US President Donald Trump said he believes the deadly Texas church shooting was caused by a "mental health problem", and not guns, and Twitter swiftly ripped into him for it. At least 26 people were killed on Sunday (5 November) when a lone gunman carrying an assault rifle opened fire after entering the First Baptist Church in Sutherland Springs, Texas. The victims ranged in age from 5 to 72.
The shooter was identified as 26-year-old Devin Patrick Kelly, who was dressed in black tactical gear and a ballistic vest when he began firing during the 11:00am church service. He reportedly dropped his weapon and fled when a local resident fired on him using his own gun. He was later found dead with a gunshot wound inside his vehicle in a neighbouring county.
When asked about policies he may look into in response to the latest shooting, Trump described the gunman as a "very deranged individual with a lot of problems". He added that the shooting represented a "mental health problem at the highest level".
"I think that mental health is a problem here. Based on preliminary reports, this was a very deranged individual with a lot of problems over a very long period of time," Trump said during a joint press conference with Japanese President Abe Shinzo in Japan, the first stop in his maiden tour of the Asian-Pacific region.
"We have a lot of mental health problems in our country, as do other countries, but this isn't a guns situation... we could go into it but it's a little bit soon to go into it. Fortunately, somebody else had a gun that was shooting in the opposite direction, otherwise it wouldn't have been as bad as it was, it would have been much worse.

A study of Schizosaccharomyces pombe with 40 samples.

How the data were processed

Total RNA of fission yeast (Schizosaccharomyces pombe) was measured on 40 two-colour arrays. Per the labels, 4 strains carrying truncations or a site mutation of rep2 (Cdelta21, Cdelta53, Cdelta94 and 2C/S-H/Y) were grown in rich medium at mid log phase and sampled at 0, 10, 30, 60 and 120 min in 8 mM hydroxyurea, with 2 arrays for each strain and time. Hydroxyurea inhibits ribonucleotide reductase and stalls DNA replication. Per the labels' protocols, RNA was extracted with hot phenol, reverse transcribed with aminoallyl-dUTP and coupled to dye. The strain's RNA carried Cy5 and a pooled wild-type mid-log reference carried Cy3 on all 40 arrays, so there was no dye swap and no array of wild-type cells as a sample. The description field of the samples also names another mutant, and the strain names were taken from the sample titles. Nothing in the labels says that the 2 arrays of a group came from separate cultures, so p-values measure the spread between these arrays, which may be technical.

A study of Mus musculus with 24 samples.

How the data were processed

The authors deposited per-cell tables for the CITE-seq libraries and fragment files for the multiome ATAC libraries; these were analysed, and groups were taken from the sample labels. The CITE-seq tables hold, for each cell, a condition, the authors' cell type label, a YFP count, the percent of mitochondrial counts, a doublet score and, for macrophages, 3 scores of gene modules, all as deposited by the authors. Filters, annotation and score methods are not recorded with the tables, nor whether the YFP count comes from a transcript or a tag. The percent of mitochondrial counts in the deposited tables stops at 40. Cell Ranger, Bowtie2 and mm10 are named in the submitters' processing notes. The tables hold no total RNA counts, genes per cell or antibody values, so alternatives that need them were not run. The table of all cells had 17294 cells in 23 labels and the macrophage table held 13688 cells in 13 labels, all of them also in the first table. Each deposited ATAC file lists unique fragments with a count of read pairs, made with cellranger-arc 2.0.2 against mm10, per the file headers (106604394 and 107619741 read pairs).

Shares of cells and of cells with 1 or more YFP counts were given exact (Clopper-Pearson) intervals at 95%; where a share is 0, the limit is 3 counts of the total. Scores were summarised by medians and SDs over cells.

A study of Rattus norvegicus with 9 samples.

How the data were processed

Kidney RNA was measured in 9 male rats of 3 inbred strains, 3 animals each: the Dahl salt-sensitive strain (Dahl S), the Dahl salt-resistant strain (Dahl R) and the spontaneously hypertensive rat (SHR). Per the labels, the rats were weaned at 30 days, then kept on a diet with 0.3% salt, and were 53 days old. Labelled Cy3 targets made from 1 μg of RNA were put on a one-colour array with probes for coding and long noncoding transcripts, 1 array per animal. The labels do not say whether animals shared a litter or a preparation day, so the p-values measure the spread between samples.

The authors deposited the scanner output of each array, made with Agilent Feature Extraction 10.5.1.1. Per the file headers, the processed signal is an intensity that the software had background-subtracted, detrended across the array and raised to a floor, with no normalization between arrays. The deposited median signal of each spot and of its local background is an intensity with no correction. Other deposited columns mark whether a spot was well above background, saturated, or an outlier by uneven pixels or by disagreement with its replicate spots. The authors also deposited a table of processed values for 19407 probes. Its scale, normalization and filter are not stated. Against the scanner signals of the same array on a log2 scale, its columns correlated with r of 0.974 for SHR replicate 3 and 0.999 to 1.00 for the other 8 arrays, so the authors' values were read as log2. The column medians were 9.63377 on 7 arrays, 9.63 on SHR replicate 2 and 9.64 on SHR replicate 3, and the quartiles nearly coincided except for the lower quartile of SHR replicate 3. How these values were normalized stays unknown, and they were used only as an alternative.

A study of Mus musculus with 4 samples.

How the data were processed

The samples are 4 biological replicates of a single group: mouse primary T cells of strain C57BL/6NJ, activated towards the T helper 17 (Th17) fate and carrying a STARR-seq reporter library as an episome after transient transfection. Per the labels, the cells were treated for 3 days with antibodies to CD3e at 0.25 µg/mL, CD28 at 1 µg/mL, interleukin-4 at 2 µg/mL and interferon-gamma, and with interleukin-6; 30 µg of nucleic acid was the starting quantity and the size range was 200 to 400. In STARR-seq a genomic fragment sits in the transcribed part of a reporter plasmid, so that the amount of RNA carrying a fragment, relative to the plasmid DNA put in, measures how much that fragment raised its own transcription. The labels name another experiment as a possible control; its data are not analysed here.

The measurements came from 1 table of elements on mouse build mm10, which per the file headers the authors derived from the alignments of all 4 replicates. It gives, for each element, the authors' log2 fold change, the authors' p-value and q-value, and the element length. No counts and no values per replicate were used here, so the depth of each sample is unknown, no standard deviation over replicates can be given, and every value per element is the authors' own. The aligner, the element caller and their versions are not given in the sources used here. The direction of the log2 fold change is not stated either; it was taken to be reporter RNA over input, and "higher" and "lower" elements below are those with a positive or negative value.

"This is a mental health problem at the highest level. It's a very sad event... these are great people at a very, very sad event, but that's the way I view it."
The church massacre on Sunday comes a little over a month after the horrific shooting at a concert in Las Vegas – the deadliest shooting in recent US history – saw 58 people killed and many others injured.
As many social media users, including a few Democrats, renewed calls for gun reform, Twitter slammed the president's "tame" response to Sunday's shooting and for blaming it on "mental health problems" rather than guns. Many argued that "thoughts and prayers" were not enough and called on the US Congress to take action against gun violence in the country.
"Being mentally ill didn't kill those people. Bullets did," one Twitter user said, while another slammed Trump as a "spineless coward" for not talking about gun control.
"The difference in your reactions, depending on who and how they committed the crime, is absolutely disgusting," one person tweeted.
Dr Martin Luther King's daughter Bernice King tweeted, "If it would save just ONE life, isn't examining and changing our gun laws worth it? What is prayer without consciousness?"
Senator Kamala Harris wrote, "Senseless gun violence has torn apart another community – this time in a house of worship. When do we say enough is enough?"